TalkTalk is to become the dominant partner in a fibre broadband joint venture with CityFibre and Sky by buying out the latter’s stake.

The three companies have been building out an FTTP network in the UK city of York since 2014 as they look for an alternative to Openreach’s FTTC-based technology.

TalkTalk will acquire Sky's equity in the JV “in due course”, although it would not reveal what it could pay.

Sky will revert to being a long-term wholesale customer following the sale of its stake, while CityFibre will continue as a shareholder.

The announcement came as the three telcos revealed they plan to extend the York network, dubbed UFO, to 40,000 premises over the next 18 months.

The network has passed nearly 14,000 homes to date and over 2,400 customers have signed up to the service with both TalkTalk and Sky since the beginning of the year.

According to a statement, build costs are coming in “under budget” and customer take-up and satisfaction “is running ahead of targets”.

TalkTalk put the cost of the expansion at £20 million and said it hopes to hopes to connect 10 million homes to FTTP by 2025.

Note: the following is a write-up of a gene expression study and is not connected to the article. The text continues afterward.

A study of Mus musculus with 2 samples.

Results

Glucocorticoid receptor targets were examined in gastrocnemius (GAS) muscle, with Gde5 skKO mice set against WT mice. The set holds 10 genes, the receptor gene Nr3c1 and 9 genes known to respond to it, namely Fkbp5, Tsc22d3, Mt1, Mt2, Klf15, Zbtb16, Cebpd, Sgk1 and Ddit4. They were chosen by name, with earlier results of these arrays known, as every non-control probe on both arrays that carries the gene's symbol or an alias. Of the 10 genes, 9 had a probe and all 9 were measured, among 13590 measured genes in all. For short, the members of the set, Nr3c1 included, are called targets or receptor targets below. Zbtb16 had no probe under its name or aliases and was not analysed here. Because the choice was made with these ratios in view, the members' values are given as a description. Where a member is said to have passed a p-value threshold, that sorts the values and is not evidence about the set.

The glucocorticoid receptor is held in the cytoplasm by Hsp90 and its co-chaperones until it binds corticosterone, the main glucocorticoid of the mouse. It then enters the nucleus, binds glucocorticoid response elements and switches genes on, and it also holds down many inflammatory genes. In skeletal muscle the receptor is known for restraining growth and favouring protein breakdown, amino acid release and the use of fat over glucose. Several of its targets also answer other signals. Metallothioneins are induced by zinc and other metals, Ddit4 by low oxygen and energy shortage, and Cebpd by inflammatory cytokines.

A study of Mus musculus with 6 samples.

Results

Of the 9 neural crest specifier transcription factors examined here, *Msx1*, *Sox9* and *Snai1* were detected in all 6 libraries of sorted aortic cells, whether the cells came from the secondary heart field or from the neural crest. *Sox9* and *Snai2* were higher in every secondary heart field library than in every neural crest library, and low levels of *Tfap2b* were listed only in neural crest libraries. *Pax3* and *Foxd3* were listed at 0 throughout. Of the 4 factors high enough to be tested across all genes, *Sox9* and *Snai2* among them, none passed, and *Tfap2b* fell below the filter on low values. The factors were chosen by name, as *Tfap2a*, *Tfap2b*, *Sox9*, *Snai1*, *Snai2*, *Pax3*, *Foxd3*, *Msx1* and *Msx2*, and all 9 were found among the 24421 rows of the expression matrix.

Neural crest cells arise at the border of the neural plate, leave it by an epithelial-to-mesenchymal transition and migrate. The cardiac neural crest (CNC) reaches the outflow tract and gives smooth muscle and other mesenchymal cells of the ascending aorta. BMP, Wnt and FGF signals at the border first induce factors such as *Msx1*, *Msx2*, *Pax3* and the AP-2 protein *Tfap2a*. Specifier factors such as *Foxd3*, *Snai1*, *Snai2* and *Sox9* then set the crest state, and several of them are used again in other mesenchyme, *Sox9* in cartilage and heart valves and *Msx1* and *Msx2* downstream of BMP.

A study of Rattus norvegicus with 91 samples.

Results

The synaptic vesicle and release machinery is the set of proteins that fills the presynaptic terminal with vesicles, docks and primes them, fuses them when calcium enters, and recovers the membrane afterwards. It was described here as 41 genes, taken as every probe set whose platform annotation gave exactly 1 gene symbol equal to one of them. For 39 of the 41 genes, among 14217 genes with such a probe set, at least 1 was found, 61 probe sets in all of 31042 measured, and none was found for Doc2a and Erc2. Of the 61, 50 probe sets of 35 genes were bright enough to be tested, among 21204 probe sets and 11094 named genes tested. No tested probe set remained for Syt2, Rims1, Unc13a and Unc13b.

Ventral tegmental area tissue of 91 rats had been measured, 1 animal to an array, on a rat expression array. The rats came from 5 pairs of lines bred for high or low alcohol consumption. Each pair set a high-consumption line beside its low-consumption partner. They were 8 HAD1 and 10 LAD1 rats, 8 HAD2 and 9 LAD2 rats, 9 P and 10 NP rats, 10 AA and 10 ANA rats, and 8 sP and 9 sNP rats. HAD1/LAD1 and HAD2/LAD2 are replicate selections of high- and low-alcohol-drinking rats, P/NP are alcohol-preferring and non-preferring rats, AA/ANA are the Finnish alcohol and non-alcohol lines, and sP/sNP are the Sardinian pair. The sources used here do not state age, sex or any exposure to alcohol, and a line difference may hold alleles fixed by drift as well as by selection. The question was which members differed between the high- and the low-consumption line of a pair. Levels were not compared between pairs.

Sky and TalkTalk, along with Vodafone, have been vocal in their criticism of Openreach, claiming parent BT has underinvested in pure fibre technology.

The incumbent claims its approach, which now majors on G.Fast, is more pragmatic.

[Read more: BT attempts to ram home the merits of multi broadband tech strategy]

However, Openreach remains at risk of being split up as part of Ofcom’s review of the UK market.

Dido Harding, CEO of TalkTalk, said: “I have long been convinced that we need to be more ambitious when it comes to the UK’s digital economy, and upgrade our broadband infrastructure once and for all.

“What we are doing here in York is a clear demonstration of our commitment to playing our part in securing connectivity for everyone.”

CityFibre CEO Greg Mesch added: What we have delivered in partnership with Sky and TalkTalk has been truly ground breaking, leveraging our existing assets to deliver a state of the art fibre-to-the-premises network built efficiently and without the involvement of Openreach."